Stanford Medicine magazine shows some skin — and all its complexity
The summer issue goes deep on the most superficial part of the body: skin. Also included is an excerpt from a new biography of polio-vaccine pioneer Jonas Salk and an article on the growing number of castoff donor hearts.
Consider your skin. If you’re an average-sized adult, you’re covered with about 20 square feet of it. By weight, it’s your largest organ: about 8 pounds.
So it’s no surprise that when your skin has problems, those problems can be hefty.
In the new issue of Stanford Medicine magazine, you’ll find out how big those problems can be, and learn about new solutions to some of the most distressful skin conditions.
Research on skin is thriving, in large part, because skin is so easy to see, said Paul Khavari, professor and chair of dermatology at the School of Medicine.
“The accessibility of skin tissue to the application of new technologies, including genomics, proteomics, and metabolomics, make this a watershed moment for progress in alleviating the tremendous suffering caused by the global burden of skin disease,” Khavari said.
“One of the nice things about skin is that it’s amenable to direct inspection,” said Stanford dermatologist Anne Chang, MD, in the special report, “Skin deep: The science of the body’s surface.” “You can look at it. That makes it a great proving ground for evidence-based medicine.”
The magazine, produced with support from the Dermatology Department, includes articles not only about new treatments, but also insights into how skin works when it’s healthy and how to keep it that way. In a Q&A, actress and playwright Anna Deavere Smith, who is African-American, addresses skin’s social meaning, discussing her relationship to her own skin and how, as a writer and actor, she gets under the skin of her characters. The online version of the magazine includes audio of an interview with Smith.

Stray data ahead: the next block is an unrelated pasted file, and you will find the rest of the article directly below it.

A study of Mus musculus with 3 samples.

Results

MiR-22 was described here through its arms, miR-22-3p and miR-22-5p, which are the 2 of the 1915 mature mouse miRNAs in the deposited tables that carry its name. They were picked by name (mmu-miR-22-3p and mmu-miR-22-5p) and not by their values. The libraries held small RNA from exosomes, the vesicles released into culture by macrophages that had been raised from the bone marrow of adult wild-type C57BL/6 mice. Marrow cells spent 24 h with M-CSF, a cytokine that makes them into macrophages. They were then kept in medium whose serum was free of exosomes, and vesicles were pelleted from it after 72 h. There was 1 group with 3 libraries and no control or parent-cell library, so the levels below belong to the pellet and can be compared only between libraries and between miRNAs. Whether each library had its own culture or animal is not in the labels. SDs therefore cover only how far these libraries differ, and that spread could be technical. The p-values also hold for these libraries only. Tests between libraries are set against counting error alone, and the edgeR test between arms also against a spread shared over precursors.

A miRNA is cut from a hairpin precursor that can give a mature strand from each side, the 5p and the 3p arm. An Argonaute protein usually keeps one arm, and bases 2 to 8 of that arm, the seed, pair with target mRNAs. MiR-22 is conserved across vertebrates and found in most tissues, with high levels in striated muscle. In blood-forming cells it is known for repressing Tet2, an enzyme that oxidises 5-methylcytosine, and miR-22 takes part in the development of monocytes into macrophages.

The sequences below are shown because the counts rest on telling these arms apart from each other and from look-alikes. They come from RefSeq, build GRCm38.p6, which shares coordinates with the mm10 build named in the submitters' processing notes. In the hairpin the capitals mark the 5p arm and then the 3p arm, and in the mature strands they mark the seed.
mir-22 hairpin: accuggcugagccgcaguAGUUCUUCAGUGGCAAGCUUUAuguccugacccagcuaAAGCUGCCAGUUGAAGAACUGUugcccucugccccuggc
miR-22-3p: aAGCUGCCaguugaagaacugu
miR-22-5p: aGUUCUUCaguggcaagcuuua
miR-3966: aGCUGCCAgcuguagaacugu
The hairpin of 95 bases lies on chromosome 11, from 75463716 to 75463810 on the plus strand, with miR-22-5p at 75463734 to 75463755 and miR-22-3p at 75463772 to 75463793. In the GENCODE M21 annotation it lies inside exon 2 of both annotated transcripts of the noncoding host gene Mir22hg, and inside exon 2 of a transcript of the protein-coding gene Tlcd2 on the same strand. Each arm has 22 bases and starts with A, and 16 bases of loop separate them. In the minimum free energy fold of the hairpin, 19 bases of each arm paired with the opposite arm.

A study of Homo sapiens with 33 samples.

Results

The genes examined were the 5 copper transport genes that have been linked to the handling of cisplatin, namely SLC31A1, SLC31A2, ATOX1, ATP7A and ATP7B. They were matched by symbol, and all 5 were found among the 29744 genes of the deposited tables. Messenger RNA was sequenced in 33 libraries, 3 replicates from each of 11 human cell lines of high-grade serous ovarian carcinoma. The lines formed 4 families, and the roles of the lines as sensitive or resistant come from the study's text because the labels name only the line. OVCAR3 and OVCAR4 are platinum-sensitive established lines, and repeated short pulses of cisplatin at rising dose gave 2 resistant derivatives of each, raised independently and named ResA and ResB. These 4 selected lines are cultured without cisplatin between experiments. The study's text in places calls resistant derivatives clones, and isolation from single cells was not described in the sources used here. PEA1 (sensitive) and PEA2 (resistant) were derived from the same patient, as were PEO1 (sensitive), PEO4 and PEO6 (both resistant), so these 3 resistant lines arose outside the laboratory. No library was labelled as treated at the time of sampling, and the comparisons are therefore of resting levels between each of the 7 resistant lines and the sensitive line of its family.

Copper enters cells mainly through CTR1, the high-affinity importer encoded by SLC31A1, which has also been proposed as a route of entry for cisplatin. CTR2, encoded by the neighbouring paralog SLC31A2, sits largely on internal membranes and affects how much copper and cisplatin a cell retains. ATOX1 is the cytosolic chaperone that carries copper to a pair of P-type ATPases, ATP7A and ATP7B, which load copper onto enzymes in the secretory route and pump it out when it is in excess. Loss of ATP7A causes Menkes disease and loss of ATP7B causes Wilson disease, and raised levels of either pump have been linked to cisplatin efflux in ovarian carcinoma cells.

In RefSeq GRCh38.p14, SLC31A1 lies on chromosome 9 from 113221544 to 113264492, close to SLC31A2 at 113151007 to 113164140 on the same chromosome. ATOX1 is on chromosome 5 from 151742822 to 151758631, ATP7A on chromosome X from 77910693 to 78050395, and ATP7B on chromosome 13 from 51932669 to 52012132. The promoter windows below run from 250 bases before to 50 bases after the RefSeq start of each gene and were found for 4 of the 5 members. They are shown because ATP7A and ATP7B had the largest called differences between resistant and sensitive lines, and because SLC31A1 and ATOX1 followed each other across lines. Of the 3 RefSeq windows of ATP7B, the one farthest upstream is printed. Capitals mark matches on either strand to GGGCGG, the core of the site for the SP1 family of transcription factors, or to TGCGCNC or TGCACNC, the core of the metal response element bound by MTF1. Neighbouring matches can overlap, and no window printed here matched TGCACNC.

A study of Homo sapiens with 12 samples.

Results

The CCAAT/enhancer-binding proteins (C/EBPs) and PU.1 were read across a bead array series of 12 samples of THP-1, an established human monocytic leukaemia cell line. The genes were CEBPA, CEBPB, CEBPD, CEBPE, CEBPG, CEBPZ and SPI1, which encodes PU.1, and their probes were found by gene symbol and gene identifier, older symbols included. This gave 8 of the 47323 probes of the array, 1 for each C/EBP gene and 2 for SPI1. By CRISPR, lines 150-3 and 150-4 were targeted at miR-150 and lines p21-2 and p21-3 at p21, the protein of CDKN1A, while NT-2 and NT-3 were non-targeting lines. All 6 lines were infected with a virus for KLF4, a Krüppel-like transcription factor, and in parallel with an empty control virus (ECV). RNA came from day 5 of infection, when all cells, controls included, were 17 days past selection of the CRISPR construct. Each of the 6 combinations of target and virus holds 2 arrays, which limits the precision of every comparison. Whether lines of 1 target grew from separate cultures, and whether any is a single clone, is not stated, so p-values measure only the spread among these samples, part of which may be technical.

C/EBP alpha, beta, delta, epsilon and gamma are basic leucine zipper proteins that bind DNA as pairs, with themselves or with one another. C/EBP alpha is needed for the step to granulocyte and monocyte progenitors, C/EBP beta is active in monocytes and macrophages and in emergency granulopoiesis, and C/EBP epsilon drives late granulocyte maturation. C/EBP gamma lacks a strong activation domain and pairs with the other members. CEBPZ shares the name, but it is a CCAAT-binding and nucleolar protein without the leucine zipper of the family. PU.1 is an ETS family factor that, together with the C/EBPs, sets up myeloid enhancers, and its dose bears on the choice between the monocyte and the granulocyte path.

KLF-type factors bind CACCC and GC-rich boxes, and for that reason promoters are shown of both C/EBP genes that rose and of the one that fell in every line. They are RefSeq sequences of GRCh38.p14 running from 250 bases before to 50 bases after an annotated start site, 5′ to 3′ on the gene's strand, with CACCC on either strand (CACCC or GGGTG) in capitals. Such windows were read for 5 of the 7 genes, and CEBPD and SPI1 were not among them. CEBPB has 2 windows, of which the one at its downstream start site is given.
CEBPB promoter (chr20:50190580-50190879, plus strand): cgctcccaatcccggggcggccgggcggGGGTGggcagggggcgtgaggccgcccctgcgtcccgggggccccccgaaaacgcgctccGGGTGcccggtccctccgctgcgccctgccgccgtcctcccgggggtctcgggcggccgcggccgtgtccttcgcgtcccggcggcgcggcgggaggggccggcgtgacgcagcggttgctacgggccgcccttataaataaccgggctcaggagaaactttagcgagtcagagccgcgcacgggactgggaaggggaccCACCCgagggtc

Also in the issue:
- A story about two young men coping with one of the world’s most painful diseases — the skin-blistering condition epidermolysis bullosa — including news about an experimental treatment to replace their broken genes. The online version includes a video of a patient at home and interviews with experts on the condition.
- A report on progress being made after years of stagnation in treating the most deadly skin cancer: melanoma.
- A look at one of Stanford Medicine’s great accomplishments in dermatology: successful treatment of a rare but dangerous rash — cutaneous lymphoma, a form of blood cancer that spreads to the skin.
- Tips on keeping skin safe from the sun.
- A feature on research seeking to answer the question: Why does skin age?
- The story of a young woman who literally lost her smile and had it restored through surgery.
The issue also includes a story considering the rise in number of castoff donor hearts, despite a shortage of the organs for transplants, and an excerpt from Jonas Salk: A Life, a new biography of the polio-vaccine pioneer, written by Charlotte Jacobs, MD, professor emerita of medicine at Stanford.
Stanford Medicine integrates research, medical education and health care at its three institutions - Stanford University School of Medicine, Stanford Health Care (formerly Stanford Hospital & Clinics), and Lucile Packard Children's Hospital Stanford. For more information, please visit the Office of Communication & Public Affairs site at http://mednews.stanford.edu.